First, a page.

Google’s Project Zero team, which finds and analyzes zero-day security vulnerabilities, has revealed that an unnamed commercial surveillance company developed spyware that exploited three vulnerabilities specific to Samsung phones equipped with Exynos SoCs. Project Zero managed to obtain a sample of the exploit chain back in 2020 and reported the three vulnerabilities to Samsung. The phone maker then published patches for these vulnerabilities in March 2021. Samsung users should make sure their mobile devices are running SMR-(Samsung Mobile Security)-MAR-2021 or later to prevent a possibly disastrous run-in with spyware leveraging this exploit chain.
Spyware built by commercial surveillance firms is often sold to state actors who may deploy the malicious software in targeted attacks on political dissidents or foreign enemies. Earlier this year, Google published an analysis of a spyware named “Hermit” that was developed by RCS Labs. Spyware maker NSO Group has also frequently been in the news for its Pegasus spyware, which was found on at least nine phones belonging to members of the US State Department. This sort of commercial spyware can be incredibly potent, often leveraging multiple zero-day vulnerabilities. The spyware exploit chain targeting Samsung phones is no different.
Project Zero’s analysis of this exploit chain found that it would allow an app bearing a malicious payload to deliver that payload outside the security sandbox containing the app, facilitating an attack on the operating system. Such an attack might compromise the infected device, turning it into a spying apparatus without the owner’s knowledge. However, the sample analyzed by Google didn’t contain the final payload, so we don’t know exactly what spyware leveraging this exploit chain would do.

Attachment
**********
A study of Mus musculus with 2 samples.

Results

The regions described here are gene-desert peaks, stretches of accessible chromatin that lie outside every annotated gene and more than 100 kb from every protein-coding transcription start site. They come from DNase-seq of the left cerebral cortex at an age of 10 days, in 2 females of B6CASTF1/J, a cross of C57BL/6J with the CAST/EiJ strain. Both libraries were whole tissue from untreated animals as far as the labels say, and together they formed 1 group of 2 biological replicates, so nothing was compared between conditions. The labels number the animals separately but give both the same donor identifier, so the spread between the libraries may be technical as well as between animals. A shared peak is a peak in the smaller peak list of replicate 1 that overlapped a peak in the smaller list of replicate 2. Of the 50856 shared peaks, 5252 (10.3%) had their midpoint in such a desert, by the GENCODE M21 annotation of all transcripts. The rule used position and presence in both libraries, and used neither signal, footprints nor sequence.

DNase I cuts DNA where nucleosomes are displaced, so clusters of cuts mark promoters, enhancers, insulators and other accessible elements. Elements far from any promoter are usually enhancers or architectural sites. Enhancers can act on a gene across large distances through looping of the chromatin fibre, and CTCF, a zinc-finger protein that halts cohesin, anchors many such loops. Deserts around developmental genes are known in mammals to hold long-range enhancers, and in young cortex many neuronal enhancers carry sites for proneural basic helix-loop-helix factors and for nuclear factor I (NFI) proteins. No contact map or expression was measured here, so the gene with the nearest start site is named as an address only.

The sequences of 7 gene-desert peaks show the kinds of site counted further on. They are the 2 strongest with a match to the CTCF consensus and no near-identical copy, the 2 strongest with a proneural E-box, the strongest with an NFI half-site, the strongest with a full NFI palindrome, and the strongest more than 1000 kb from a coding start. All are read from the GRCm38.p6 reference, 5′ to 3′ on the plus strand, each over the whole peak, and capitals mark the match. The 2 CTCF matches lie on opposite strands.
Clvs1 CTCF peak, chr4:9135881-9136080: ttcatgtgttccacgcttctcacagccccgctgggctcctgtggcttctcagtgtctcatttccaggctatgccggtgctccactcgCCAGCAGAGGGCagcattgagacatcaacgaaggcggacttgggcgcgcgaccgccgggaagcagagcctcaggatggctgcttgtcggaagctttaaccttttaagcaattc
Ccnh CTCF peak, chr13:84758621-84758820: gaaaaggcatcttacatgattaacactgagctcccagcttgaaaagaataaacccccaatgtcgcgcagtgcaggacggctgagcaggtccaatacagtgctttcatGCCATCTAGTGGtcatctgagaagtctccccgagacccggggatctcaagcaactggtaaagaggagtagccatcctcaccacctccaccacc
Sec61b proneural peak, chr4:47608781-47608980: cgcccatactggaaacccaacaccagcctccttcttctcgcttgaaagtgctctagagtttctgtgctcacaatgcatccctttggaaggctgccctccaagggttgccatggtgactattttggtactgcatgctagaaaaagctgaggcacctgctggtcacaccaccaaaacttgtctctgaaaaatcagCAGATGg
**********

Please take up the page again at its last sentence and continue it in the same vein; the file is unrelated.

The vulnerabilities leveraged in the exploit chain are specific to phones powered by Samsung’s Exynos SoC (system-on-a-chip) and running kernel 4.14.113. Samsung devices that would fit this description at the time Project Zero discovered the exploit chain include the Galaxy S10 lineup, as well as the A50 and A51. The caveat to this list of devices is that Samsung phones in the Galaxy S family sold in the United States bear Qualcomm’s Snapdragon SoCs. However, regardless of the SoC powering users’ Samsung phones, their devices should now be safe from this exploit chain so long as they’ve kept up with security updates.